Treatment of SLE with ajulemic acid,a non-psychoactive cannabinoid derivative
Sponsor: Feinstein Institute for Medical Research
Location(s): United States
Musculoskeletal pain due to inflammation is a chronic feature of SLE and current treatments are either not very effective but relatively safe or they are very effective but have lots of side effects. The purpose of this clinical trial is to test the safety ad anti-inflammatory effects of a novel drug, Ajulemic Acid, for the treatment of musculoskeletal pain in lupus patients. Ajulemic Acid is a cannabinoid derivative that does not have psychotropic effects on the brain and we expect that this drug may provide substantial pain relief with anti-inflammatory effects on the immune system that will reduce disease activity in lupus patients.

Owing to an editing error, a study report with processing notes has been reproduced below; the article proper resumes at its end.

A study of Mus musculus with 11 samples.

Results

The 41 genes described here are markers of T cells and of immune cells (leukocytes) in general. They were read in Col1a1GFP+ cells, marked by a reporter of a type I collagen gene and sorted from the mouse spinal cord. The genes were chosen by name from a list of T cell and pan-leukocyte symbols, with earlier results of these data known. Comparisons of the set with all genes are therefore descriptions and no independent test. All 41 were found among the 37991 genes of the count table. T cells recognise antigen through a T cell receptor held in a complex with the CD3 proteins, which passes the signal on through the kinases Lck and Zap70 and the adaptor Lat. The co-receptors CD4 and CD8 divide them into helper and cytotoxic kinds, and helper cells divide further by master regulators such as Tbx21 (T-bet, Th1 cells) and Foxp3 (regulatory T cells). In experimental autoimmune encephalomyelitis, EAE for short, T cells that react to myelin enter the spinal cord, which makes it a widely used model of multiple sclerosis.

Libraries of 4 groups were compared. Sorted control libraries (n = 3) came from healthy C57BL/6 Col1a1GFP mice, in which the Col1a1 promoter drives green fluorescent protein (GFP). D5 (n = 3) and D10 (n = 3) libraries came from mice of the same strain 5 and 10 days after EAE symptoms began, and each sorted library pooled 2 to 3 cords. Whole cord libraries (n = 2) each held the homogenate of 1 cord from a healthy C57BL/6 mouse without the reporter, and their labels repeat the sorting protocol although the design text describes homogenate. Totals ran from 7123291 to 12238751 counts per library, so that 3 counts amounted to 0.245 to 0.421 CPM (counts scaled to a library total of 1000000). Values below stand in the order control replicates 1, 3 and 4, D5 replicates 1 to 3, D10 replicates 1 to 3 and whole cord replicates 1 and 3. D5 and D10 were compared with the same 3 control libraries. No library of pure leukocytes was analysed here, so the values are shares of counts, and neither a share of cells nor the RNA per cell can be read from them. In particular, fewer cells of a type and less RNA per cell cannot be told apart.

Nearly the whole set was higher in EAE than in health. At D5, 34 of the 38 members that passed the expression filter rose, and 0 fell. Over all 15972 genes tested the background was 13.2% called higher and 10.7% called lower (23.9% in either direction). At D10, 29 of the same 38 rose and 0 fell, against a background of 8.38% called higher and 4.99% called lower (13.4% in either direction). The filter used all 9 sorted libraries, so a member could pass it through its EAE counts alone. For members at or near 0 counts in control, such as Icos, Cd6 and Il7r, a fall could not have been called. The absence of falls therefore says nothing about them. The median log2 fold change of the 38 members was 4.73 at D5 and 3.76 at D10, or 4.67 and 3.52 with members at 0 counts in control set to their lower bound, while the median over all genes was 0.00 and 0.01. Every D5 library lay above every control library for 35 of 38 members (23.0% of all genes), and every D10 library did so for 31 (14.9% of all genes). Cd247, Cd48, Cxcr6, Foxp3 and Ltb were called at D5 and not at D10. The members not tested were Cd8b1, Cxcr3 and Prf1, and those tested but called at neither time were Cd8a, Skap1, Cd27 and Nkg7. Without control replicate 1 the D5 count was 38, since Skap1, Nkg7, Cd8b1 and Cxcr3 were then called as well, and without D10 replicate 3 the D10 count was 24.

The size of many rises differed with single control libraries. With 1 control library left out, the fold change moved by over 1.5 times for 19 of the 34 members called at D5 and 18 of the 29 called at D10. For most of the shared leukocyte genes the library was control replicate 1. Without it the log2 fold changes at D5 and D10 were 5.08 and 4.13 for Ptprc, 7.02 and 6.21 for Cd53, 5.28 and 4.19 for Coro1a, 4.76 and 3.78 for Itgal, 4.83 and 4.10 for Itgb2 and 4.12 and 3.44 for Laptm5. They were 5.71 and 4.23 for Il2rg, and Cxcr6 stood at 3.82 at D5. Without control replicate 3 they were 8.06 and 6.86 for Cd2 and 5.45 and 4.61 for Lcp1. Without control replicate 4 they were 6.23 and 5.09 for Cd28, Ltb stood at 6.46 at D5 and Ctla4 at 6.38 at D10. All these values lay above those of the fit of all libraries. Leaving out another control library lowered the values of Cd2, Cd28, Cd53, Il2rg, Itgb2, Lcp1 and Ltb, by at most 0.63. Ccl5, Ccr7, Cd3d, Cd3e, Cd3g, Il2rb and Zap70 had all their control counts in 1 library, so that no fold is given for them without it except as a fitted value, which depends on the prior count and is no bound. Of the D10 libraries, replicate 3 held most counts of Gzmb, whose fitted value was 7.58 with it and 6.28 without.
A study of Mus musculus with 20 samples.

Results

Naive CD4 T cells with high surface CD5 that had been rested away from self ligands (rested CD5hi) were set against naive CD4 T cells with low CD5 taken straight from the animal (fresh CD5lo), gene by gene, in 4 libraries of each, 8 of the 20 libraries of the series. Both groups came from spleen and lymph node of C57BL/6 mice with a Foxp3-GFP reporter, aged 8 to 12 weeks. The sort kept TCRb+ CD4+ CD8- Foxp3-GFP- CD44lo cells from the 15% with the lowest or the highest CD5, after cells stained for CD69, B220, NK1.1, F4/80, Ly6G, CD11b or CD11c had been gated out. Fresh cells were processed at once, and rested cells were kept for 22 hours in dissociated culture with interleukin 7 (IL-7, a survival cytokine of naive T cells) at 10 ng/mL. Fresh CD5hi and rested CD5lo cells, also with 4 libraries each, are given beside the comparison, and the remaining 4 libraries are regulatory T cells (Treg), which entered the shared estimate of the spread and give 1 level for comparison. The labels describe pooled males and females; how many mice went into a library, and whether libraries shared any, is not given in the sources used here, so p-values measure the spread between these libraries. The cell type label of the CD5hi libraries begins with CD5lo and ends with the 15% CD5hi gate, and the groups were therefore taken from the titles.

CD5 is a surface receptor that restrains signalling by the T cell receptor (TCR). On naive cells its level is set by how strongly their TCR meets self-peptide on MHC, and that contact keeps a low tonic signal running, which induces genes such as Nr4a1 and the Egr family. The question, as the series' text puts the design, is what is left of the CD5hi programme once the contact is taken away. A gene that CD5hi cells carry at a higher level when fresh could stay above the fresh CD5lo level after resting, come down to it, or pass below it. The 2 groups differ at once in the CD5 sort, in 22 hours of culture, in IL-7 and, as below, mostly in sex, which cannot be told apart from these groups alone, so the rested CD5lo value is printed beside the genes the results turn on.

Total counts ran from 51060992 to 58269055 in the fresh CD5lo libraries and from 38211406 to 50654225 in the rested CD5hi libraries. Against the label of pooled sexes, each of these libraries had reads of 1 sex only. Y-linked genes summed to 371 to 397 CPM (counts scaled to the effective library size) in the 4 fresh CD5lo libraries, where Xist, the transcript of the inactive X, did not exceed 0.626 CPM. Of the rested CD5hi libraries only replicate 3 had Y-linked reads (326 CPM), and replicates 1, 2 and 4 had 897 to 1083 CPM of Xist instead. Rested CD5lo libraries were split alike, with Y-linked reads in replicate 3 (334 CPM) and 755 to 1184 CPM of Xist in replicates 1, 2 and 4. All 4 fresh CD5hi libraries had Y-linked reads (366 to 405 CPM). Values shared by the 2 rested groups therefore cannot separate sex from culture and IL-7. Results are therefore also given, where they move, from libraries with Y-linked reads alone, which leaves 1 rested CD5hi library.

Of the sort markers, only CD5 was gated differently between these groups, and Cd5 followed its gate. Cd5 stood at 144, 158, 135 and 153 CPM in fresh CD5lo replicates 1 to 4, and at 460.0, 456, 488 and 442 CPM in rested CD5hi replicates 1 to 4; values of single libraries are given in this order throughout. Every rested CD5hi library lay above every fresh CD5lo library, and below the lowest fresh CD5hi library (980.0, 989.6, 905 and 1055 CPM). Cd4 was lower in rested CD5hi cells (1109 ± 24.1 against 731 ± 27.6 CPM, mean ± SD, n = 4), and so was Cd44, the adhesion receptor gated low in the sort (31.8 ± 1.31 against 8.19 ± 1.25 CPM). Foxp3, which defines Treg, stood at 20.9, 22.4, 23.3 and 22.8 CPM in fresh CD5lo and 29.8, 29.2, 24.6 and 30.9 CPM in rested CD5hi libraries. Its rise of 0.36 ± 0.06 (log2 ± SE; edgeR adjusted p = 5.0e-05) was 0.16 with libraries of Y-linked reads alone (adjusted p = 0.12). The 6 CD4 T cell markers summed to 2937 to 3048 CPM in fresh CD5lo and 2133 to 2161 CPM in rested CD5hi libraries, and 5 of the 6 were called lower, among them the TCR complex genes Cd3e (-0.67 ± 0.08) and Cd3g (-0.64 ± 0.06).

Musculoskeletal symptoms, such as arthritis, tendonitis and bursitis, are very common in Systemic Lupus Erythematosus (SLE). Pain and disability from these symptoms can be significant and current treatment options for musculoskeletal pain in SLE include non-steroidal anti-inflammatory medications (NSAIDS), narcotic analgesia and corticosteroids. Each of these is limited by significant potential toxicitie including gastrointestinal bleeding and kidney toxicity in the case of NSAIDS, somnolence, constipation and nausea for narcotics and osteoporosis, osteonecrosis, diabetes, cataracts and atherosclerosis for corticosteroids. Ajulemic acid (AjA) is derived from a class of cannabinoids that retain analgesic and anti-inflammatory properties without the psychotropic effects characteristic of tetrahydrocannabinol (THC;marijuana). AjA has been shown to have potent pain- relieving effects, without psychotropic effects, in animal studies and a clinical trial in human subjects with chronic neuropathic pain. Anti-inflammatory effects of AjA have also been demonstrated in animal models as well as in human subjects and in vitro studies of human inflammatory cells.